Several critical estate planning documents give another person—an agent or personal representative—the legal right to act on another person’s behalf. They include wills, trusts, powers of attorney, and advance health care directives, as described in a recent article titled “The nomination of trustees, executors, and agents” from Lake County Record-Bee.
Your will is only activated after you die. The court must then approve the will and executor or personal representative. Many think being named as an executor confers instant authority, but this is not true. Only when the will has been deemed valid by the court does the executor have the power to act on behalf of the decedent.
After death, the court is petitioned for a court order appointing the executor, and the appointed executor’s letters testamentary are signed. An executor then becomes an officer of the court with a fiduciary duty to act as a personal representative of the decedent’s estate.
If the named person declines to serve, the will should have a secondary person named as executor, who can then request the appointment be validated by the court. Others can petition the court to be appointed. However, it is best to name two people of your choice in your will.
A trust is a separate legal entity with a trustee in charge of the trust and its assets. If a revocable will is created, the trustee is usually the same person who has the trust made, also known as the grantor. For an irrevocable trust, the trustee usually is someone other than the grantor. The appointment does not become official until the appointment is accepted, usually through signing a document or by the successor trustee taking action on behalf of the trust.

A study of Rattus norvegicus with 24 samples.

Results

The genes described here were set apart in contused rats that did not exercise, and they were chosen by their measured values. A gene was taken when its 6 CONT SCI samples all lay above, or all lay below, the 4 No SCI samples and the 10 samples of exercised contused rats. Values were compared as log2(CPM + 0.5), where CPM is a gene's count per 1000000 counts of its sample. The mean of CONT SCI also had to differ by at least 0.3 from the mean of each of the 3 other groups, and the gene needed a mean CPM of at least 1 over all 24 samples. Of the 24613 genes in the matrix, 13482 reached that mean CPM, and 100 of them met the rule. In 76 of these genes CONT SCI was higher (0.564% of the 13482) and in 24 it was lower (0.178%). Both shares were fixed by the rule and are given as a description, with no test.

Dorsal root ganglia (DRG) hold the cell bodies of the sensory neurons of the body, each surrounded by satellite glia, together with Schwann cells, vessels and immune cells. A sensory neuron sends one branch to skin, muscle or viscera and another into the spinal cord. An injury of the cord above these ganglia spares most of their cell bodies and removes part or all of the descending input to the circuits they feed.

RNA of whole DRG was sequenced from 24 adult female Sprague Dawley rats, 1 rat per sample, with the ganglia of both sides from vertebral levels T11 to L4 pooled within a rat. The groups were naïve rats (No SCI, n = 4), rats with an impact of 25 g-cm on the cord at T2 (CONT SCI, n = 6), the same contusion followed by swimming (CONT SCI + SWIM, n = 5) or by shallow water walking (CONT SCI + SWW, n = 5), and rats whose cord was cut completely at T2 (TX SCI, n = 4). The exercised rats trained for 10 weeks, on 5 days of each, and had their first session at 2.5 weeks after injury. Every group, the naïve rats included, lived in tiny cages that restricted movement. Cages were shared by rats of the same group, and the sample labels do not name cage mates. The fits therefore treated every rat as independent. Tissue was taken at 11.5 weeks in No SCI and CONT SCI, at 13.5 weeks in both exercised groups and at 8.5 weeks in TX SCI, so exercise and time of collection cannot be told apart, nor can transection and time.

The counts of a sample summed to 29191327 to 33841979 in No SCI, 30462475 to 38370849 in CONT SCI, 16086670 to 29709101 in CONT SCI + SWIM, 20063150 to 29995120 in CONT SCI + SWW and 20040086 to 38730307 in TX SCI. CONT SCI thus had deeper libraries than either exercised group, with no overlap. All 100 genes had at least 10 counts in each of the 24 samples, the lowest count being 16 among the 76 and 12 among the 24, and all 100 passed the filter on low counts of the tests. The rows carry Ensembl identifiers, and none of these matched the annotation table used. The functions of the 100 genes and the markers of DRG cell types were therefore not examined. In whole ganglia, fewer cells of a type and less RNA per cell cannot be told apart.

Just as an executor might not accept their role, a trustee can decide not to accept the nomination. However, once they do, they have a fiduciary duty to put the well-being of the trust first and manage it properly. You can’t accept the role and then walk away without serious consequences.
Powers of attorney are used while a person is living. The power of attorney’s effective date depends upon what kind of POA it is. A durable power of attorney may be effective the moment it is signed. A springing POA sets forth terms upon which the POA becomes active, usually incapacity. The challenge with a Springing POA is that doctors or a court may require approval, usually with proof from a treating physician concerning the person’s condition.
Similarly, the health care power of attorney appoints a person who acts on behalf of another as their agent for health issues. They can decline the position. However, they are responsible for their actions once they agree to take the position.
If the POAs decline to serve and there is no secondary person named, or if all named POAs decline to serve, the family will need to apply for a conservatorship (also known as guardianship). This lengthy and expensive process requires a thorough investigation of the situation and the person who needs representation. It can be contested if the person does not want to give up their independence or by family members who feel it is unnecessary.
These are commonly used terms in estate planning. However, they are not always understood clearly. Your estate planning attorney will be able to address specific responsibilities and requirements since every state has laws, and appointments vary by state.
Reference: Lake Country Record-Bee (July 30, 2022) “The nomination of trustees, executors, and agents.”